A lesson for the non-celebrants

This is not how you respond to holiday well-wishers:

A passenger was tossed off a plane at La Guardia Airport on Tuesday after flipping out — because airline workers wished him a merry Christmas.

The man was waiting to board American Airlines Flight 1140 to Dallas when a cheerful gate agent began welcoming everyone with the Yuletide greeting while checking boarding passes. The grumpy passenger, who appeared to be traveling alone, barked at the woman, “You shouldn’t say that because not everyone celebrates Christmas.”

The agent replied, “Well, what should I say then?”

“Don’t say, ‘Merry Christmas!’ ” the man shouted before brushing past her.

Once on the plane, he was warmly greeted by a flight attendant who also wished him a “merry Christmas.” That was the last straw.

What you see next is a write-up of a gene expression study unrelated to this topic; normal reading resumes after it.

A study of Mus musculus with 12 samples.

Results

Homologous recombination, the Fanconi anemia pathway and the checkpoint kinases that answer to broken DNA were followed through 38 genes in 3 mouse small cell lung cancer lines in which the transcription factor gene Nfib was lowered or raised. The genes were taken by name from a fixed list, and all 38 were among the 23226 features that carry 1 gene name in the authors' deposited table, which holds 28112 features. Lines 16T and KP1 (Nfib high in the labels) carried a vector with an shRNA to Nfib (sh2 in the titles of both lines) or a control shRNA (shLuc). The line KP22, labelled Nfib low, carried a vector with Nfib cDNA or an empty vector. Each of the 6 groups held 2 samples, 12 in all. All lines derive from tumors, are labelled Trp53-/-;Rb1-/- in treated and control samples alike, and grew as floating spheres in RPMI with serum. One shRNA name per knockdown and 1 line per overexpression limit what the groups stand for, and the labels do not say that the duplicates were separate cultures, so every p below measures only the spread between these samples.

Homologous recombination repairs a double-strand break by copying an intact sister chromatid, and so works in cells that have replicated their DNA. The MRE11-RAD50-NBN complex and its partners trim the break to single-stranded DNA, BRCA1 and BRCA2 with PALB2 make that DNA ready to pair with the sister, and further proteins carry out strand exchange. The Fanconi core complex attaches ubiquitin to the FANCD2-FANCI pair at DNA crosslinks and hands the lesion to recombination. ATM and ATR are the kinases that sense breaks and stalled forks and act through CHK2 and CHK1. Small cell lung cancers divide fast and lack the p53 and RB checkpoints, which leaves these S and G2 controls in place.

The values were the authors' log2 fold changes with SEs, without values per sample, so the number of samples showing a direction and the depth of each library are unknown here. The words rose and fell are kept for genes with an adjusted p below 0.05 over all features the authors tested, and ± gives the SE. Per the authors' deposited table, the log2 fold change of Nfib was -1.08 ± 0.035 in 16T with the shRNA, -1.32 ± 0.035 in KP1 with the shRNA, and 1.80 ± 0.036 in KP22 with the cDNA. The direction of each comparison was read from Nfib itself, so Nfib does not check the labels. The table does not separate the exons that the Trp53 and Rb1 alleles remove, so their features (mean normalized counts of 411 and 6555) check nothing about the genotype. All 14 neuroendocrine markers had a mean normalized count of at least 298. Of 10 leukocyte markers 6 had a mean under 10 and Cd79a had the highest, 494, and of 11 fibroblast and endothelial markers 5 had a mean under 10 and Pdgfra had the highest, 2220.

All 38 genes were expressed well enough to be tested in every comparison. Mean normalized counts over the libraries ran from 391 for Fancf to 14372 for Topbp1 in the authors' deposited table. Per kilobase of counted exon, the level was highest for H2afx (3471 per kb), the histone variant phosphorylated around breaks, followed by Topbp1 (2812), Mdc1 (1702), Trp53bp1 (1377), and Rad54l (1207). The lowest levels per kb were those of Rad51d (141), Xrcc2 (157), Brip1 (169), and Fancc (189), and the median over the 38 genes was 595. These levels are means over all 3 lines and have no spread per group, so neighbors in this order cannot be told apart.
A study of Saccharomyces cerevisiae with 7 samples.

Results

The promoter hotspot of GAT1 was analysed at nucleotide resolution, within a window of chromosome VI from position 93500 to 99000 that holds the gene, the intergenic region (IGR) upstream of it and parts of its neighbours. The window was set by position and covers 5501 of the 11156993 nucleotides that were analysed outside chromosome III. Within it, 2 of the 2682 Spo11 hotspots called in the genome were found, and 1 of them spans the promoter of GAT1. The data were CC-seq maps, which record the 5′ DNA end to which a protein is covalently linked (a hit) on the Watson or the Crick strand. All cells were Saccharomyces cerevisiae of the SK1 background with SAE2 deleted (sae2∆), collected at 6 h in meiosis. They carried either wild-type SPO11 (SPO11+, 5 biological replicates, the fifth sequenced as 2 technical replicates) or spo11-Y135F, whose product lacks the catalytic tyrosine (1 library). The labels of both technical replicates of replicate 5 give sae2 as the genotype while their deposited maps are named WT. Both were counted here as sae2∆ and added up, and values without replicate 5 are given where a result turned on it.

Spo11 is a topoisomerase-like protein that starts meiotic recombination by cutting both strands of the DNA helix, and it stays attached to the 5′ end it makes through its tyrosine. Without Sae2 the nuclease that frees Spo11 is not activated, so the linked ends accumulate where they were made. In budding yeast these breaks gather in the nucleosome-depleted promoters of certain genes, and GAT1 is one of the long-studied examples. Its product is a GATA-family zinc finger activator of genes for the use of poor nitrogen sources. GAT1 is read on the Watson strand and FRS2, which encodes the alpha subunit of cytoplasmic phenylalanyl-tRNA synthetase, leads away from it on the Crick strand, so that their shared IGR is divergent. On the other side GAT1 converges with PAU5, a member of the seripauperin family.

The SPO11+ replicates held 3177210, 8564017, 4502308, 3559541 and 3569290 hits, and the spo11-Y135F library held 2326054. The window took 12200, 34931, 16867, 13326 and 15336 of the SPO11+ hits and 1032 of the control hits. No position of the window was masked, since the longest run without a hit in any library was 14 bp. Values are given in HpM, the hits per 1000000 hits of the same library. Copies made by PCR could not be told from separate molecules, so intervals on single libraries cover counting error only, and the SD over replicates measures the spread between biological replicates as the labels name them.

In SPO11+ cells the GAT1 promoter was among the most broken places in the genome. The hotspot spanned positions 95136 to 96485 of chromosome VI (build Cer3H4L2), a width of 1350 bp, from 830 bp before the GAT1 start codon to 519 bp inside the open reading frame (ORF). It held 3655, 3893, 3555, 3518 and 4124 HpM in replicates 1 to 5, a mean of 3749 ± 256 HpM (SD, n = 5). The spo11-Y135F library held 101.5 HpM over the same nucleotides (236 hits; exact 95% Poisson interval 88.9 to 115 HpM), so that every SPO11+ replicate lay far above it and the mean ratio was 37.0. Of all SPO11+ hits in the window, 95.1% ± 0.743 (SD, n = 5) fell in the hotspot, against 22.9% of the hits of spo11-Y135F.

“Don’t say, ‘Merry Christmas!’ ” the man raged before lecturing the attendants and the pilot about their faux pas.

I have to admit, I not only don’t celebrate them, but I don’t even know what half the festivals represented are when people wish me “buona festa” over the course of the year. During certain summer months nary a week goes by that everyone isn’t off work for some Catholic feast or Communist-created celebration of the working class. And it has never once occurred to me to respond by explaining that I do not celebrate the Feast of the Immaculate Conception, Labor Day, or la Festa della Repubblica to anyone.

My usual response on such occasions is the same as that of my Jewish friend, who smiles and says “thank you, you too” whenever he is wished a Merry Christmas. If nothing else, it’s nice to see people who are in a good mood while out and about.

That’s the practical aspect. From philosophical perspective, it must be admitted that whether one celebrates a holiday or not, it indubitably and materially exists. One would assume that any genuinely rational atheist would understand that.